The RISD school board voted Tuesday 5-0 to accept the audit after hearing the report from A.J. Bowers, a certified public accountant with Albuquerque-based accounting firm Carr, Riggs and Ingram.

The July 2019 disposal of used turf to the public from the Wool Bowl went against the policy of the New Mexico Public Education Department and was reported to the state as required.

“It’s not something that’s going to significantly affect the financial statements of the district. It still matters because it is a control and you’ve got that risk out there. I think you guys have taken immediate and appropriate action to deal with all of those,” Bowers said.

Chad Cole, assistant superintendent of finance and operations, reiterated the district’s responsibility to report such instances, also including the September 2019 cybersecurity attack against the district as an example.


Cole said Carr, Riggs and Ingram provided training on proper procedures immediately after the turf disposal was reported.

“We appreciate them kind of walking us through how to get that right because that was a very tricky situation that kind of went against our own internal controls,” Cole said.

The audit also showed the district’s increase in revenues for that year and that revenue outpaced expenses by about $3 million. The district has been consistent over the last five years in revenue being higher than expenses, Bowers said.

That was bolstered in 2020 by an $18.3 million increase in State Equalization Guarantee funding and $5.5 million in Public School Capital Outlay matching funds.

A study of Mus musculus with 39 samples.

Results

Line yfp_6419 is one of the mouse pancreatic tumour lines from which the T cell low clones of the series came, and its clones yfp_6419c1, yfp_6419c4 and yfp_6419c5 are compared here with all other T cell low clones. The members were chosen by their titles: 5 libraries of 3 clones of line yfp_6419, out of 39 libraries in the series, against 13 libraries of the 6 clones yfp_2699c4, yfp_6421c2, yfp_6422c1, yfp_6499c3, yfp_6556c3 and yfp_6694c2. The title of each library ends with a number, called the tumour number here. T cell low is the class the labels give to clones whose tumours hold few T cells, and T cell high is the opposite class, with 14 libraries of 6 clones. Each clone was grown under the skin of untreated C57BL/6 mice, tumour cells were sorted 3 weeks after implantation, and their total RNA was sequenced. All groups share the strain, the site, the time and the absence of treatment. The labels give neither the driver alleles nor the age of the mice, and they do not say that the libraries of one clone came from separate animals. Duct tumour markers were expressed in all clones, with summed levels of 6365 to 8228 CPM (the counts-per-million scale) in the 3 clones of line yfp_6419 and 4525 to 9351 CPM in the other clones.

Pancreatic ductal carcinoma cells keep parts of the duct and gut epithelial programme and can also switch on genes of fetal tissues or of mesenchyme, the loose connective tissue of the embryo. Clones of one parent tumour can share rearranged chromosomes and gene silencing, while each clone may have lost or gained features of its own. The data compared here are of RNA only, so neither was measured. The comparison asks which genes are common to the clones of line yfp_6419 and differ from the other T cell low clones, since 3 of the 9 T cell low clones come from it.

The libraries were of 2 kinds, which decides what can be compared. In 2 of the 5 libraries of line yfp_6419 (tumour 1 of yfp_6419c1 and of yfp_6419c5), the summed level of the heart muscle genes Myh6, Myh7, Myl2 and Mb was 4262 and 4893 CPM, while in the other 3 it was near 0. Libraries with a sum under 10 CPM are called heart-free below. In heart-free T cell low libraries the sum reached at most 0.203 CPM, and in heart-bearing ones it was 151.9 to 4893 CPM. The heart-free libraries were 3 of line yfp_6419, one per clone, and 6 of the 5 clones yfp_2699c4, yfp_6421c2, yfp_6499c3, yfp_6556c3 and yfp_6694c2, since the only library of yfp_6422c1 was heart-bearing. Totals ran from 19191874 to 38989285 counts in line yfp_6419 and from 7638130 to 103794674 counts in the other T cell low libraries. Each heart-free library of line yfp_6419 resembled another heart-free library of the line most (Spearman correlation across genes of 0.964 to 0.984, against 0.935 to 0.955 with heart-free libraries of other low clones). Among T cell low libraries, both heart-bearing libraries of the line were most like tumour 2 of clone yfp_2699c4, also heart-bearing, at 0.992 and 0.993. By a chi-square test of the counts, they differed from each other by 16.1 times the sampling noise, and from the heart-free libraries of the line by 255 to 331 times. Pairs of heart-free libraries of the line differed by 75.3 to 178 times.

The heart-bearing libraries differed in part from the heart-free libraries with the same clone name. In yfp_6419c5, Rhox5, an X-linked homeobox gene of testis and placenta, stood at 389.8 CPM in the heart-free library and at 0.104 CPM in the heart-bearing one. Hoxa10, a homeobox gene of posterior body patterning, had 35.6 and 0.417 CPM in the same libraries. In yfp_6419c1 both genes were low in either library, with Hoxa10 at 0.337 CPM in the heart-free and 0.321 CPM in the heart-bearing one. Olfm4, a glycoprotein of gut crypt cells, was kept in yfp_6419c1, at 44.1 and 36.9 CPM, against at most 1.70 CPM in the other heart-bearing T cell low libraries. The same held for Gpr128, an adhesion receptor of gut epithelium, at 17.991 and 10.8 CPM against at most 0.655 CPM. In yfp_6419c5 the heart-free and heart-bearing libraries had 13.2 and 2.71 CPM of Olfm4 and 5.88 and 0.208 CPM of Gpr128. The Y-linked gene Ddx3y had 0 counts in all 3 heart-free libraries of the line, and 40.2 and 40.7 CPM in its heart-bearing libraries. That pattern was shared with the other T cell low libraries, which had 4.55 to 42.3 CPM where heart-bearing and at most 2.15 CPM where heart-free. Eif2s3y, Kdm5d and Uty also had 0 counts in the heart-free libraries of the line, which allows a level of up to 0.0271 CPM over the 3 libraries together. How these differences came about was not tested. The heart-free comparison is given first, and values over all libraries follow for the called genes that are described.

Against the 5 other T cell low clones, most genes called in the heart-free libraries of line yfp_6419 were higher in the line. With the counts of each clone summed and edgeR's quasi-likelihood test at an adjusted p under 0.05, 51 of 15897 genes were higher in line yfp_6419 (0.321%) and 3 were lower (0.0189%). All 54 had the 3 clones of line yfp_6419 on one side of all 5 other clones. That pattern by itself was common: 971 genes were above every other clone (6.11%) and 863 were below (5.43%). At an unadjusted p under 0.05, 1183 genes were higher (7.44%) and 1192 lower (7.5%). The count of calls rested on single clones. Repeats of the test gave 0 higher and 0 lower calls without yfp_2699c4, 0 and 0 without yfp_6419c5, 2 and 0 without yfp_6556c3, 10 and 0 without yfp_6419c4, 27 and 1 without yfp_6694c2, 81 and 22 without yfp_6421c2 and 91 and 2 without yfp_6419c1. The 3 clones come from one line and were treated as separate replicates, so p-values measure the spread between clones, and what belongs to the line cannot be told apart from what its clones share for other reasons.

“The money increased in the revenue side from $111 million in 2019 to $134 (million) in the current year,” Bowers said.

In other business Tuesday, the board unanimously approved funding applications for the state bilingual multicultural education program and Title III immigrant funding; the recommendations of Pioneer Bank for banking services, RBC Capital Markets for bond advisory services and Modrall Sperling for bond counsel services; and adoption of textbooks for English Language arts.

The board also nominated Gwendolyn Keller of Roswell High School for the New Mexico School Board Association Scholarship. Board members chose from three applicants, whose names and schools had been removed from the application forms board members reviewed. Superintendent Mike Gottlieb announced the name after board members made their selection.

“We have some strong applicants and many deserving students in our district and I know we would all like to have several more nominations submitted, but I do think it’s important we participate in opportunities like this because even if it’s one student, scholarships can make a big difference in their lives,” Board President Hope Morales said.

Keller’s scholarship application will be forwarded to NMSBA Region 6, where a committee will review the applicants from the region’s eight school districts. RISD board member Mona Kirk is president of NMSBA Region 6.

City/RISD reporter Juno Ogle can be reached at 575-622-7710, ext. 205, or reporter04@rdrnews.com.